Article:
Friday, February 13, 2009

Neil Young 21: This Note’s For You

While he’d declared that country music was where it’s at only three years before, Neil turned up out of nowhere with a horn-driven R&B revue called the Bluenotes—oblivious to that of Harold Melvin—playing two long sets of original, blues-based material. A new album, safe from the shackles of Geffen, followed shortly after.
Your enjoyment of This Note’s For You will depend on your opinion of horn sections, but it’s got some great moments. “Ten Men Workin’” is the statement of purpose this time out, but the Tonight Show stylings go on too long. The title track is too short on the album to offend, missing the point. “Coupe De Ville” is quiet Neil, and quite good at that; he’d do better with the mood music than trying to sound like B.B. King. “Life In The City” barrels on through as a hint of the future, then “Twilight” closes the side trying to sound like Otis Redding singing “Coupe De Ville”.
“Married Man” is a pain in the ass, but “Sunny Inside” seems awfully sincere. And as happy as it is, it sounds like a Neil song. “Can’t Believe Your Lyin’” goes back to the mood music, then that in turn is blasted out of the way by “Hey Hey”, one of the better raveups. “One Thing” features Ralph Molina and George Whitsell in their only appearance on this album, which leads one to think that this was a leftover from On The Beach; it even resembles the song of the same name. (Perhaps the Archives will provide clarification on this someday.*) It ends the proceedings quietly yet satisfyingly.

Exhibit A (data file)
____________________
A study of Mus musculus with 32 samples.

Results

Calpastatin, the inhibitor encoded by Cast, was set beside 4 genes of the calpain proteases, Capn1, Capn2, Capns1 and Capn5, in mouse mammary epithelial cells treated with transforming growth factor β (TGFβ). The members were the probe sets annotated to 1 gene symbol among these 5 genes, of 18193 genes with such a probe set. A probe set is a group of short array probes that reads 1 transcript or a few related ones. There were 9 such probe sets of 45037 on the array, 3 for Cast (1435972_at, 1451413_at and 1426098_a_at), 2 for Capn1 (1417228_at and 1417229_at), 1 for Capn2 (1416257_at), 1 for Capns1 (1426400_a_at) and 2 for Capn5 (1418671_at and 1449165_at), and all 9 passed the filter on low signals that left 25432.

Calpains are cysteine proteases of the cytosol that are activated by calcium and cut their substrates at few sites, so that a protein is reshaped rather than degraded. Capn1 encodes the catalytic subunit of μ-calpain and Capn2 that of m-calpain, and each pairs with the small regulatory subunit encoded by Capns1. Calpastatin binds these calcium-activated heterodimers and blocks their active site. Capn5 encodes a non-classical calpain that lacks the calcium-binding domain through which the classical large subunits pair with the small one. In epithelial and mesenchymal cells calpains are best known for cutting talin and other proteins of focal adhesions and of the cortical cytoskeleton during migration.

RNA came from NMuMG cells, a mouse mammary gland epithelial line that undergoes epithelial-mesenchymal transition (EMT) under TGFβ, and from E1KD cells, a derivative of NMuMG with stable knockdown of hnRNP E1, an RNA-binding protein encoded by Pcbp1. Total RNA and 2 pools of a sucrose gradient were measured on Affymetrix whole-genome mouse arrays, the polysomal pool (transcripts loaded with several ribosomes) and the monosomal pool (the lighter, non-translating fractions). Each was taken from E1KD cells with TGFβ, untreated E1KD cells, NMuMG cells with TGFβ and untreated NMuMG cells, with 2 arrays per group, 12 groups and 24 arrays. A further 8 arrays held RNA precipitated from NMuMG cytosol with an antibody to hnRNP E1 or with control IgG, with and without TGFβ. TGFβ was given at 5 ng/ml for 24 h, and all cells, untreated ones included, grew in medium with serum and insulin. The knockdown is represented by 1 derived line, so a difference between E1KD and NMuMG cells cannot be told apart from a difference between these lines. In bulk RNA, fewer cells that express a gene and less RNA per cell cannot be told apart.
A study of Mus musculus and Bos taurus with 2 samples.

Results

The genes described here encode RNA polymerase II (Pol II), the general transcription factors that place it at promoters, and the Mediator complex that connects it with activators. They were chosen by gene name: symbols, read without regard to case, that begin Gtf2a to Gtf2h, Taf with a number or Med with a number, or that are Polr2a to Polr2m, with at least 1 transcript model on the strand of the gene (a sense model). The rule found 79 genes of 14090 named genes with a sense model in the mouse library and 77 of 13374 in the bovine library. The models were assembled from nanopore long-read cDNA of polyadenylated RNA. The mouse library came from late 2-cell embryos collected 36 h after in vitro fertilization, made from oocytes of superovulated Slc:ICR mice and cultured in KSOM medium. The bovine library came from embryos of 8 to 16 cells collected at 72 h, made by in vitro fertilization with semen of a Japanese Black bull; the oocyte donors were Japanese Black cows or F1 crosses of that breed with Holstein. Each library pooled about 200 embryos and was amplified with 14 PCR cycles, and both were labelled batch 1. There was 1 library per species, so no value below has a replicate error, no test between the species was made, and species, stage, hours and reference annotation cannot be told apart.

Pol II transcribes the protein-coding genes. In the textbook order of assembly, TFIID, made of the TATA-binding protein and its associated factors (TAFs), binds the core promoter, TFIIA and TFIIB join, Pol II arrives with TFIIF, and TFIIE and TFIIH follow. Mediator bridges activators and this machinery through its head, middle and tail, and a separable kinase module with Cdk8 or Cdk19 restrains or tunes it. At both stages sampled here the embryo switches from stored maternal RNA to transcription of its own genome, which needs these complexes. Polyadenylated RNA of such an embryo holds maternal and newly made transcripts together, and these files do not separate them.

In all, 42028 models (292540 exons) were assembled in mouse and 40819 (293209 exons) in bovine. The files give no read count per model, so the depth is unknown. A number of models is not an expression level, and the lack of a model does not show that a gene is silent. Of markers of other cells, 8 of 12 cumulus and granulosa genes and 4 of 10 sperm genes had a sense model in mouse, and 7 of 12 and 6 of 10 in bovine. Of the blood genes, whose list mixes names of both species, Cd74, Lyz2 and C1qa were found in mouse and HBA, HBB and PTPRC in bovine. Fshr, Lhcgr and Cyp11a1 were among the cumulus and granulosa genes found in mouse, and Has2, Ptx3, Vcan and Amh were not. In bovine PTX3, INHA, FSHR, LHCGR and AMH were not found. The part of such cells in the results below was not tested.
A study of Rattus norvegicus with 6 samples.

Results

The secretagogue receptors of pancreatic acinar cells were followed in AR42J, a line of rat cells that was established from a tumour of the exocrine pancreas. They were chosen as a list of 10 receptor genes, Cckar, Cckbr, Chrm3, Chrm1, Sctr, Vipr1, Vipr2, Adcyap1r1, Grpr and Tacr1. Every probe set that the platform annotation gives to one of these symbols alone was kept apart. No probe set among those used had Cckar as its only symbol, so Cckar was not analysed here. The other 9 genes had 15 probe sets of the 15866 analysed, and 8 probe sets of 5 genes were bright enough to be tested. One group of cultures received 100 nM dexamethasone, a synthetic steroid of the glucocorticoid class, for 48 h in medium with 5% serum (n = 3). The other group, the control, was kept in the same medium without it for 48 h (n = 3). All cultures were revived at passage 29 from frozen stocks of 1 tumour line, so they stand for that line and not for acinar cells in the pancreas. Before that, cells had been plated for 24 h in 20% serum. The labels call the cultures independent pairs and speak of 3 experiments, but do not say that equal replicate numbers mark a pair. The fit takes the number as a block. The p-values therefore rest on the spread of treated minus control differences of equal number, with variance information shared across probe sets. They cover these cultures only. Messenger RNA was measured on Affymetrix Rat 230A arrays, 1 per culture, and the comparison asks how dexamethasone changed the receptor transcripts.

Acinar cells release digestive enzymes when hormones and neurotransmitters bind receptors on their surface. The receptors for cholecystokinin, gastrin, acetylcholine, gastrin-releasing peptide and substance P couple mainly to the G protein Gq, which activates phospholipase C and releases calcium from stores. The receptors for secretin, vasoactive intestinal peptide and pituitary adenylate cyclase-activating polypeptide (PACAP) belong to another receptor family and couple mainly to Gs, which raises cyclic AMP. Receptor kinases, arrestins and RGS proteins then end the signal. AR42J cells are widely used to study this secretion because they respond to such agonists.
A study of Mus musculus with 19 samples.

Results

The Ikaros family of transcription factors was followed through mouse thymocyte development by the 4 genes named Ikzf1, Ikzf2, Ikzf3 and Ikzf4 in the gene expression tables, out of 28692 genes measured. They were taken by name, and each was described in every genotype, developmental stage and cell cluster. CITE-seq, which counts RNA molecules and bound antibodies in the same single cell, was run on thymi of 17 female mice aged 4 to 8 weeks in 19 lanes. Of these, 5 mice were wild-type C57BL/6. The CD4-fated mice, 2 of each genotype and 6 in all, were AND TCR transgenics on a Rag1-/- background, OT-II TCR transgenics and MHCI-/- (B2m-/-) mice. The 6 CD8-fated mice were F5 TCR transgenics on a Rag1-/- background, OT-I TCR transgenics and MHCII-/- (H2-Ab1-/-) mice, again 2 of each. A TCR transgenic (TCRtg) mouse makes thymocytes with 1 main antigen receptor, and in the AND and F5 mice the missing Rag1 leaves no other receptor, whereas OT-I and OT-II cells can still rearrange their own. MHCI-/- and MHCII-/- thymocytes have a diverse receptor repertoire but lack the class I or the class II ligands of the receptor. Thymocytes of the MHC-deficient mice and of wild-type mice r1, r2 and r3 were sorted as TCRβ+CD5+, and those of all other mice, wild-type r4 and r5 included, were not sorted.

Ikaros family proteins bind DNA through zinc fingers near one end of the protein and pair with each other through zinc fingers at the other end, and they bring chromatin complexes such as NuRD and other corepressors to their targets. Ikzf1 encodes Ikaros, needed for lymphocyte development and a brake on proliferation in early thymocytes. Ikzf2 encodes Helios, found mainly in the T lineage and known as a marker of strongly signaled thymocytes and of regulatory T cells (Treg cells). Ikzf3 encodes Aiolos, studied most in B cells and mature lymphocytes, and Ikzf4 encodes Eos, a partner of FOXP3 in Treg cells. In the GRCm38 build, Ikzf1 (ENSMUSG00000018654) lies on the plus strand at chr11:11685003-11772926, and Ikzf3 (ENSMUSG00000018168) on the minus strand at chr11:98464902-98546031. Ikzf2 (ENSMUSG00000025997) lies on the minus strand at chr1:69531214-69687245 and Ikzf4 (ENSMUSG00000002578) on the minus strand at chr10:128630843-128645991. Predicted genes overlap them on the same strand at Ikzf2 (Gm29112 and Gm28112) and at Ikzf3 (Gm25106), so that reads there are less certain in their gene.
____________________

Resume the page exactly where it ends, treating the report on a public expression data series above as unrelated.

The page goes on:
The moody numbers on This Note’s For You work best, since they don’t sound as much like parody or a bad white version of blues. Even those who think Stevie Ray Vaughan invented the genre weren’t fooled. But Neil was definitely back on track, and sounded a lot more like he actually was enjoying himself. He’d written and performed a pile of other songs with the horns around this period, which were promised, until his next detour relegated them to the vaults. As usual.

Neil Young & The Bluenotes This Note’s For You (1988)—3

1 comment:

  1. A recent reread of the Shakey biography brought to light a mention that George Whitsell replaced Billy Talbot in an embryonic version of the Bluenotes for about a week, with Ralph Molina still on drums, so it could very well be that "One Thing" was indeed recorded around the time of the rest of the album. Which is too bad, because we really wanted it to be an On The Beach outtake.